ETC Labs, an accelerator dedicated to research and core technology development for users of the Ethereum Classic (ETC) protocol, has announced the Alpha release of EVM-LLVM (Ethereum Virtual Machine- Low Level Virtual Machine) for the Ethereum stack communities.
This new infrastructure marks a milestone in the evolution of smart contract development that will enable developers to use a larger variety of programming languages to target the EVM and also benefit from LLVM’s mature tooling ecosystem of debugging, validator, static analysis, and more. By adding EVM to the choices available to developers, LLVM brings new capabilities to the development community working in the ETC ecosystem.
Until now, DApp functionality required the use of a new decentralized network of computers, a new operating system, and a new programming language. The EVM and Solidity were created to address these handicaps. Solidity is the leading smart contract programming language for EVM-based blockchains, and other blockchains are compatible with contracts written using Solidity. However, smart contract developers have a love-hate relationship with Solidity; it is new, and it is unfamiliar.
With the introduction of EVM-LLVM, DApp developer capabilities are enhanced, making possible more useful and interesting DApps and improving DApp quality, portability, and lifespan. All with improvements in the ease of writing and maintaining DApp code.
“This is a significant innovation because it enables developers to write smart contracts in many languages in addition to the leading language, Solidity. It’s important to recognize Alan Li, who leads the project team. His foresight and expertise have made this release possible. This is a breakthrough technical development and signals that ETC Labs and the ETC Core development team that stewards the Ethereum Classic platform have fulfilled one of our strategic priorities: interoperability.”
– Terry Culver, CEO of ETC Labs
LLVM is a library that is used to construct, optimize, and produce intermediate and/or binary machine code. It can be used as a compiler framework in which the user provides the “front end” (parser and lexer) and the “back end” (code that converts LLVM’s representation to actual machine code). LLVM supports a variety of front-end languages, including Rust, Objective C, Fortran, Ada, Haskell, Java bytecode, Python, Ruby, ActionScript, and GLSL, and LLVM also supports new target platforms (WASM).
An EVM backend for LLVM makes it possible to adopt this array of languages for contract programming. Access for more languages creates access for more developers to build DApps on Ethereum Classic and EVM-based blockchains.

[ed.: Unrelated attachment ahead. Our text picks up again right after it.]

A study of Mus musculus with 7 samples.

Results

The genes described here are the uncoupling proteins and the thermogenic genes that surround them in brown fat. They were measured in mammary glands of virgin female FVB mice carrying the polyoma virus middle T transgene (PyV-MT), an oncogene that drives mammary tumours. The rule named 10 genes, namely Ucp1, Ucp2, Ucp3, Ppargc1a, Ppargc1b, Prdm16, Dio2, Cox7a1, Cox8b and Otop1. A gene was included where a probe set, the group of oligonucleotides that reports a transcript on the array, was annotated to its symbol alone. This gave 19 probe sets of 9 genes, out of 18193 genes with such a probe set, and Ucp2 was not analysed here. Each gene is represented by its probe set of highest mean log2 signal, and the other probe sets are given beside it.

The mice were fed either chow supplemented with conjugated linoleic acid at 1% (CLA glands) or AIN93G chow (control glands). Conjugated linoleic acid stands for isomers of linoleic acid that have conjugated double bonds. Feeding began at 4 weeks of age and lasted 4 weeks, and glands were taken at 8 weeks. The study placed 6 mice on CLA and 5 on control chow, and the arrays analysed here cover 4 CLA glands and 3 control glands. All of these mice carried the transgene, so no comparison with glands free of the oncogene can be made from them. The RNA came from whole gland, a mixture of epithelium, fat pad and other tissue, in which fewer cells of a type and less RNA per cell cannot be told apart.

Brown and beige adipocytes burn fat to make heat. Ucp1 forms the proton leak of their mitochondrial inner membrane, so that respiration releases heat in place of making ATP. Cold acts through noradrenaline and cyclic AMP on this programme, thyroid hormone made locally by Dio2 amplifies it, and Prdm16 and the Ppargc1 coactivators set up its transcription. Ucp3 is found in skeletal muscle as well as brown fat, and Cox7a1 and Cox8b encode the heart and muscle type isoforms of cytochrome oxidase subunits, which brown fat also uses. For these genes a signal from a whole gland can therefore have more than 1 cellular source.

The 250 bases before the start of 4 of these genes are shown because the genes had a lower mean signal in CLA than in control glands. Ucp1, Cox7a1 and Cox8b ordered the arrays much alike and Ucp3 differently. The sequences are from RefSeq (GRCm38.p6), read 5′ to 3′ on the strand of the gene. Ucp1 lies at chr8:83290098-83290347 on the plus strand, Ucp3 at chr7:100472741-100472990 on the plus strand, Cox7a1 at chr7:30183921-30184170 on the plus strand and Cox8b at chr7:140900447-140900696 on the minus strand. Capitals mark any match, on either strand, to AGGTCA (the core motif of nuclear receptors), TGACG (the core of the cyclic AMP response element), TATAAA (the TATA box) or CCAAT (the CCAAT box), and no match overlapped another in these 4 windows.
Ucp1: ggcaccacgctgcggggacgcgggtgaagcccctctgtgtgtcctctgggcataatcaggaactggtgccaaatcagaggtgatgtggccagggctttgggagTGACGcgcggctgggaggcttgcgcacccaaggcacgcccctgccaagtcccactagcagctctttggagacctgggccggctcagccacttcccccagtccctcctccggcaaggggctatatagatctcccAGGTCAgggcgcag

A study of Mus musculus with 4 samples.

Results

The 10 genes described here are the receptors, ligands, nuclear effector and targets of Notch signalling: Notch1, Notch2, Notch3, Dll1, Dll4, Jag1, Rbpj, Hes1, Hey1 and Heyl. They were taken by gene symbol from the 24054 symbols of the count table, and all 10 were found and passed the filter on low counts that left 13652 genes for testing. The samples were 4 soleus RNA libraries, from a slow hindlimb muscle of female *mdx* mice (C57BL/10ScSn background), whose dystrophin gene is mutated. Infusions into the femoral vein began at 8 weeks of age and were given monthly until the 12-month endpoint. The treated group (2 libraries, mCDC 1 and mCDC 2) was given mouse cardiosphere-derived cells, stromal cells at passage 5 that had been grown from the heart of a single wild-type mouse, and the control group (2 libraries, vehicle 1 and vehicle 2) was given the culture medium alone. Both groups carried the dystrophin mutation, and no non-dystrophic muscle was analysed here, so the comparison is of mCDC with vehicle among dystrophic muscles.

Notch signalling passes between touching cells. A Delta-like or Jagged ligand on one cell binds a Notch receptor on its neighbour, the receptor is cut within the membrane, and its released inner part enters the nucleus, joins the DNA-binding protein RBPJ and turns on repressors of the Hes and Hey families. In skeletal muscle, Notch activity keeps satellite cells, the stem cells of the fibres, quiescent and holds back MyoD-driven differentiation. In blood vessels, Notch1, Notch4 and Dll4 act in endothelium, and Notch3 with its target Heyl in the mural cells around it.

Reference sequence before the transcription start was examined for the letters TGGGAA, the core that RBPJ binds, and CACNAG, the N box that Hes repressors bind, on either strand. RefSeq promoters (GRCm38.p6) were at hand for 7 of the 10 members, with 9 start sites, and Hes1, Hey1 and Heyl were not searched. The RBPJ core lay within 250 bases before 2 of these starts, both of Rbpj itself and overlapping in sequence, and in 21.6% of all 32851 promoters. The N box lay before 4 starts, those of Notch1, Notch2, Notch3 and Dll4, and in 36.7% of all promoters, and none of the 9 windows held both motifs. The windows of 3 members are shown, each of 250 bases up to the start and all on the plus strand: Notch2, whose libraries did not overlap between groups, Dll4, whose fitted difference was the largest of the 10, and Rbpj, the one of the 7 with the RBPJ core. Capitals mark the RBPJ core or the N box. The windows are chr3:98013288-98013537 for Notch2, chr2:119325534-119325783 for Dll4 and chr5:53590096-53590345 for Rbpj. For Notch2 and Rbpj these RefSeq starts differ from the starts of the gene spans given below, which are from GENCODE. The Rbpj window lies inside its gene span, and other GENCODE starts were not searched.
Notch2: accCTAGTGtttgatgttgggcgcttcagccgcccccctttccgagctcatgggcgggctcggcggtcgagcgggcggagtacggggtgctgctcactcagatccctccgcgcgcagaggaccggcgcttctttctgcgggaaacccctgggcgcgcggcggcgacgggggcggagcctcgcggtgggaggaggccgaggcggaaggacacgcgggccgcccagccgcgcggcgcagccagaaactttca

The LLVM ecosystem also provides mature, high-quality tools for development, including tools for debugging, validator, and static analysis; and the LLVM community is committed to supporting the LLVM project through an extended lifespan, making it one of the most widely accepted toolchain platforms. Developers working on LLVM-base infrastructure will receive ongoing benefits and support from the LLVM community, providing a future-proof toolchain.
A recent ETC Core collaborative partnership with Second State has targeted completion of a pipeline for EVM use in LLVM. Second State’s SOLL compiler generates compatible LLVM-IR that can utilize the LLVM-EVM-backend to translate to EVM-bytecode.
“The LLVM-EVM project complements the SOLL compiler to provide an EVM target for the compiler toolchain. The EVM is the dominant smart contract execution engine today. We believe that EVM and Ewasm [the Second State VM] will co-exist for the foreseeable future. LLVM-EVM, together with SOLL, bridges and unifies the developer experience between EVM and Ewasm.”
– Michael Yuan from Second State
The Vyper team is also experimenting with code generation on the LLVM infrastructure.
“Vyper sees the LLVM-EVM backend project as a real win for smart contract development. The world-class, mature tooling and optimization infrastructure that LLVM provides will lead to safer and more performant code for EVM-based smart contracts, especially when paired with EVM-only languages like Vyper. This backend will support hundreds of deployed public and enterprise chains that already run the EVM, the most proven VM that exists for the production use of smart contracts in real-world applications,” said the Vyper team in a recent post.
EVM LLVM is a compiler backend for the smart contract engine EVM. For developers building with smart contract DSL (Domain Specific Language) on LLVM, or porting over an existing language, the source code can be downloaded at the official EVM-LLVM project’s Github repository. ETC Core’s compiler development lead, Alan Li, has called for community participation in the creation of new smart contract languages, porting and using existing LLVM-based analysis, validation, debugging, or optimization tools for easier, safer, future-proof smart contract development.
The project’s initial documentation is available at llvm.etccore.io.
Technical information and the wiki are posted at GitHub for the community to review, challenge, suggest, or even fork to improve the project code over time.